On August 4th, six inches of rain fell on parts of Louisville in about 90 minutes. The freak storm caused a flood disaster, especially in the western and southwestern sections of the city. In those flood-prone areas, the city’s combined sewer system could not handle the massive amounts of water entering drains. Now Metro Sewer District officials are looking for ways to allow more water into the ground instead of into the sewer.
Three weeks after the flood, west Louisville resident Felicia Gardner told a Metro Council committee that what happened on August 4th was a more severe episode of the flooding that happens during every hard rainfall.
“If any of this occurred in the east end on a daily basis, you all would be doing something about it,” she said. “You know it, I know it, we all know it. Let’s keep it real.”
The east end may not flood as often, but Metro Government’s options are limited when it comes to keeping neighborhoods dry. The combined sewer system underneath much of the city handles both storm runoff and waste water. Even though it’s one of the largest combined sewers in the world, it’s out of date. Parts of it were built more than a century ago, when there wasn’t much to prevent water from soaking into the ground instead of draining into the sewer.
“No one in the 30s ever envisioned the amount of build-out that we see today,” says Metro Sewer District director Bud Schardein.
The ground over the combined sewer was covered with houses and driveways so gradually over the years that Schardein says MSD didn’t realize a drainage problem was being created as it granted building permits. He says it’s financially and logistically unfeasible to rebuild the sewer, so other steps have to be taken to reduce the amount of water going into the sewer. That could mean using a federal grant to buy flood-prone homes in west and southwest Louisville and destroy them, thereby freeing up more ground to absorb rainwater.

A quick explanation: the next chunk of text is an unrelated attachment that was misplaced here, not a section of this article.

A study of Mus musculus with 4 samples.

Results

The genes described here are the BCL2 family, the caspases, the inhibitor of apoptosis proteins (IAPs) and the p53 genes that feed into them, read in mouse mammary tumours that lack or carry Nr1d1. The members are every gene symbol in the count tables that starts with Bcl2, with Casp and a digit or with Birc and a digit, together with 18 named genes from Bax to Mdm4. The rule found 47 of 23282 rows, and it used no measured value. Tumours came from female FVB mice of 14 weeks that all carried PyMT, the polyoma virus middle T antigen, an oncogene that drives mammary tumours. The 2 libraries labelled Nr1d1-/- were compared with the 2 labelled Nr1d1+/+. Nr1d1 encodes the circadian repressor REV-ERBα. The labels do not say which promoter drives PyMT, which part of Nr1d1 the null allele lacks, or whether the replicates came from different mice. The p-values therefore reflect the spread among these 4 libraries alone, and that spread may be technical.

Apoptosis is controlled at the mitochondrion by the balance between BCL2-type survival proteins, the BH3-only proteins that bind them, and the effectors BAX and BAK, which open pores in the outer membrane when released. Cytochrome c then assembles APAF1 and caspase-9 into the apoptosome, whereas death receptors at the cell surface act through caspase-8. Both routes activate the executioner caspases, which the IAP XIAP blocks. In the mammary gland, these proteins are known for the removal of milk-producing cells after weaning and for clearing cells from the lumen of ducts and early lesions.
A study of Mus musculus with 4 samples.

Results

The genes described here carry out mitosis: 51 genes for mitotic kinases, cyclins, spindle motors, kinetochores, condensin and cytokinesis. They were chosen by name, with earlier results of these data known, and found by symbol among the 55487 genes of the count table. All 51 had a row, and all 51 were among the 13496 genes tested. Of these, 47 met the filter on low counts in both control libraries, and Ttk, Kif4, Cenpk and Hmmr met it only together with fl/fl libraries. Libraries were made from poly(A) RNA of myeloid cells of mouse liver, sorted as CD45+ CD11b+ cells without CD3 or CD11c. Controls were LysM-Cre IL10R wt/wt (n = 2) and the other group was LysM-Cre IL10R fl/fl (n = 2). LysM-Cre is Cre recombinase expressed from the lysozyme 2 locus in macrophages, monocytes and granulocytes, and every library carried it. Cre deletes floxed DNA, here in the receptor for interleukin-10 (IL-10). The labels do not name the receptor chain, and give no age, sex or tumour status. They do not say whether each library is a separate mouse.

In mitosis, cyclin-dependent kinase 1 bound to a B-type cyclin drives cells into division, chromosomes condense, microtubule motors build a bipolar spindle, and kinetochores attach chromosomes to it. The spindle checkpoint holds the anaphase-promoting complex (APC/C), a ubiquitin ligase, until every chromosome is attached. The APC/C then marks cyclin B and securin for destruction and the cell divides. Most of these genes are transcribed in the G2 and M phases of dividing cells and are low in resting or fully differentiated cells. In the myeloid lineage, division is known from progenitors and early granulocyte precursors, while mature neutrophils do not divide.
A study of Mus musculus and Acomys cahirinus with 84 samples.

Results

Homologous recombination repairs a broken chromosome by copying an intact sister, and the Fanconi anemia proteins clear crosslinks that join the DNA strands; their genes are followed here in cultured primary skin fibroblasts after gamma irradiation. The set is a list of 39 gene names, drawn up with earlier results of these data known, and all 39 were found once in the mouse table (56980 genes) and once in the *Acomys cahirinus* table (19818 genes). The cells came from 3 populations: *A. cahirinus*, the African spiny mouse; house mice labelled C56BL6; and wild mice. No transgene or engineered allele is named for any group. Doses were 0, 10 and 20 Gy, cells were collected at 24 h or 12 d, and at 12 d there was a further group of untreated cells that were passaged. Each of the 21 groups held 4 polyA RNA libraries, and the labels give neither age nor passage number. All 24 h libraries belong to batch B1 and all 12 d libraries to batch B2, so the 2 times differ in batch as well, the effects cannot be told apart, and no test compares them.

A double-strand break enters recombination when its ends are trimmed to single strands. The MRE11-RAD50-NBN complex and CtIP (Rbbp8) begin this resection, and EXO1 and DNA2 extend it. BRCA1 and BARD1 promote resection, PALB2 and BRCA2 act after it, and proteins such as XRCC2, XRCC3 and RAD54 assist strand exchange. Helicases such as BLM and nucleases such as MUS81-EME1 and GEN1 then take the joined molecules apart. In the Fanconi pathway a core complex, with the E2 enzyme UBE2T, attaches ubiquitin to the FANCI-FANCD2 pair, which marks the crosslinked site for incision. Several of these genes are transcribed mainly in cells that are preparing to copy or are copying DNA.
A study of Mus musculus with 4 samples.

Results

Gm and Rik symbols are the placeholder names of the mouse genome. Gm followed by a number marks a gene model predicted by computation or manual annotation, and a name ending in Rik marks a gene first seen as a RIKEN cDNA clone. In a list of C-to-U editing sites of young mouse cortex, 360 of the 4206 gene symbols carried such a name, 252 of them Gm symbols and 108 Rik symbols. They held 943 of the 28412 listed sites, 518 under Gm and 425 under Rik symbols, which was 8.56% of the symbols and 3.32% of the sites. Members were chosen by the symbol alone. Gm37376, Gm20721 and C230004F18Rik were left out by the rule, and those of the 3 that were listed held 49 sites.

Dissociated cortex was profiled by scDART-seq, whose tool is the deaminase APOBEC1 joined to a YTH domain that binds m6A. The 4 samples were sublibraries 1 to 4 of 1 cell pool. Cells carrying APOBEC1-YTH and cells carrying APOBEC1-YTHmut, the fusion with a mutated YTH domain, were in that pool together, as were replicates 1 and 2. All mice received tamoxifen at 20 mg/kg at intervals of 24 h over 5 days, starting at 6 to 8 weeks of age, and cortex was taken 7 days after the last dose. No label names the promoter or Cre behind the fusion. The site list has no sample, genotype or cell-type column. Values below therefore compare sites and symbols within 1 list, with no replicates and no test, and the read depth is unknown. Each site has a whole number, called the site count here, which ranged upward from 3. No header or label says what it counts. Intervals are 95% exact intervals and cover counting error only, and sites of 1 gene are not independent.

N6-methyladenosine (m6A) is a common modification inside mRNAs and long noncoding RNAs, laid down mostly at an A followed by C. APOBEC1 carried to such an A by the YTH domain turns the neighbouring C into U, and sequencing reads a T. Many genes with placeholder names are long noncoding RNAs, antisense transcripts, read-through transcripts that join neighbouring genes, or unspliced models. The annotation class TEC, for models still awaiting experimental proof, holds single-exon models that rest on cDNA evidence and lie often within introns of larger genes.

“Even with very, very large combined sewers already in the ground, just because of the elevation of those properties or those neighborhoods, a very heavy rain will continue to inundate the areas,” he says.
“If the water had somewhere else to go, that would alleviate the pressure enormously,” says Rose George, author of The Big Necessity, a book about waste management. She says Louisville isn’t unique: all over the world, permeable ground has been paved over, leading to flood-prone neighborhoods.
“Creating more permeable ground is probably the best solution we have the moment because it simply gives the water somewhere else to go,” she says. “And therefore it doesn’t go down in the sewers and it doesn’t overload the sewers and you don’t have floods.”
Many of the residents that might be bought out are represented by Metro Councilwoman Judy Green.
“They get flooded frequently in a heavy rain,” says Green. “So I think that they are ready to go on and look for higher ground.”
Green says her constituents are tired of flooding, but there may be a problem with buyouts.
“Over at 23rd and Maple, where the houses are shotgun-type houses probably worth 15 thousand dollars, how are you going to realistically move to a new place or a new home for that amount?” she says.
The funding for buyouts isn’t yet secured and Schardein says he won’t try to force anyone to leave. In the meantime, MSD is installing backflow prevention valves in homes and encouraging property owners to build water-absorbing rain gardens at their own expense. Both can help prevent flooding, but Schardein says the water is always going to need someplace to go.
And to keep citizens informed of their options, Councilwoman Green expects the ad-hoc flood committee that she co-chairs to pass a resolution summarizing the causes of the flood and the city’s response in the aftermath.